The PhD student poster competition that complements the festivities around the CTIT annual symposium has now entered its third year, and has already become a bit of a tradition. We asked the students to submit an abstract in advance to help the jury on the day of the Symposium to select the three best posters. Our distinguished guests Jan van Bemmel and Yuval Shahar were kind enough to act as the jury. My own role was purely to facilitate the task of the jury; in particular I did not have a say in the selection of the posters.
Even with the abstract to hand, time was short to judge the research behind the posters. Another complication is the fact that the jury had to compare work of beginning PhD students and students who are about to graduate, and work by very small and very large teams, as well as work in a vast range of areas.
The jury based its verdict on the criteria published for the competition i.e. clarity, novelty, attractiveness, and demonstrated appreciation of related work. This year, relevance to the theme of the Symposium was not amongst the selection criteria.
The jury regrets that valuable research had to be dismissed in the process, but unfortunately given the constraints, that was inevitable.
The jury unanimously agreed to award three prizes of 500, 250 and 100 EURO.
The third prize of 100 EURO goes to poster # 19 made by Mohammed Khatib of the DIES group because his work is clearly at the forefront of technology. He simulates storage devices that are not yet on the market in order to predict their behaviour, thus clearly demonstrating the benefits of simulation approaches. The jury recommends that the simulation results should be validated as soon as possible with real measurements.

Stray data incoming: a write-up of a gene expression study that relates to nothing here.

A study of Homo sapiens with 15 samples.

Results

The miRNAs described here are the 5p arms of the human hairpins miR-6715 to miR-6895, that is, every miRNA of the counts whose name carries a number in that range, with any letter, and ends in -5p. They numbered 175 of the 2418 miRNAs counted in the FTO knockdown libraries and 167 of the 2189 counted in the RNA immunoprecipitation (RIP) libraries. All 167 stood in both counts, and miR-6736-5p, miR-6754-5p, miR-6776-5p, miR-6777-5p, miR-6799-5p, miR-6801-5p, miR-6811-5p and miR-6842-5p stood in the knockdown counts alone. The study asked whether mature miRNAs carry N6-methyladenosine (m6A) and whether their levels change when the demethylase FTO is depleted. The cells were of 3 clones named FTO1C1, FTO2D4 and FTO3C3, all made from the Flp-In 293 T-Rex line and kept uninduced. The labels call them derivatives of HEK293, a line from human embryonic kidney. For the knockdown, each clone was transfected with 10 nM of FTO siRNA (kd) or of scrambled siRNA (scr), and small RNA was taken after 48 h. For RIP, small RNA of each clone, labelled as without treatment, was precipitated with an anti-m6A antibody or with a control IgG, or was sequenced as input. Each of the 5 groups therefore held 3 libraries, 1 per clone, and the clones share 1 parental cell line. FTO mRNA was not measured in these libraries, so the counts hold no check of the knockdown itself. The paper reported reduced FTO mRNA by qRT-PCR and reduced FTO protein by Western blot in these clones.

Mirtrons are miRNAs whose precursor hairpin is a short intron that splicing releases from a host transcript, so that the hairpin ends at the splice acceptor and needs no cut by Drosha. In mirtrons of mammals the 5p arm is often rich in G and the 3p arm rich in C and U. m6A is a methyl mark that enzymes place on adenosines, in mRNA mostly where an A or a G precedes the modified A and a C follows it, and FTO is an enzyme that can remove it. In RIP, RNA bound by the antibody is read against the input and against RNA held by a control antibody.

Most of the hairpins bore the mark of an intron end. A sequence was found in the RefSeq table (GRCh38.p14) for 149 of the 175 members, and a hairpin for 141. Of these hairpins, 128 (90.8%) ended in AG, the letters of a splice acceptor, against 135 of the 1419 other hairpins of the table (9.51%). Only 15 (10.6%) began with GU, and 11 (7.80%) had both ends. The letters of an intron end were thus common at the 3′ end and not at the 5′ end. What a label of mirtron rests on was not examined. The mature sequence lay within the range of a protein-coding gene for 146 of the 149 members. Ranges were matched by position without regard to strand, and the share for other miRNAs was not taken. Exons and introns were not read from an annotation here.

The second prize of 250 EURO goes to poster # 22 made by Anna Zych of the DB group because her highly original theoretical work has practical implications and it has generated industrial interest. The poster is very attractive, with a fractal that she made herself, and her work presents appropriate citations. However the problem statement was not phrased on the poster.
The first prize of 500 EURO goes to poster # 23 made by Almar Klein of the SAS group because the application is highly original, and the approach encourages the patients to take responsibility for their own well being in home care. The poster is attractive and self explanatory. This is work in its very early stages; the jury recommends that in future appreciation of work by others should be shown.
Finally the jury would like to commend poster # 2 made by Riham Abdel Kader of the DB group, who made a very clear statement of her research problem and poster # 14 made by Wim Fikkert of the HMI group for his highly original Wizard of Oz experimental design.
The jury thanks all the students who have spent countless hours creating their posters, and wishes them well in the pursuit of their research. The jury believes that the attention the students received from the delegates to the symposium was both well deserved and appreciated by the students.
Finally, may I thank the members of the Jury on behalf of CTIT for their heroic efforts to judge the 23 posters fairly and quickly, working all the time the rest of us enjoyed our lunch!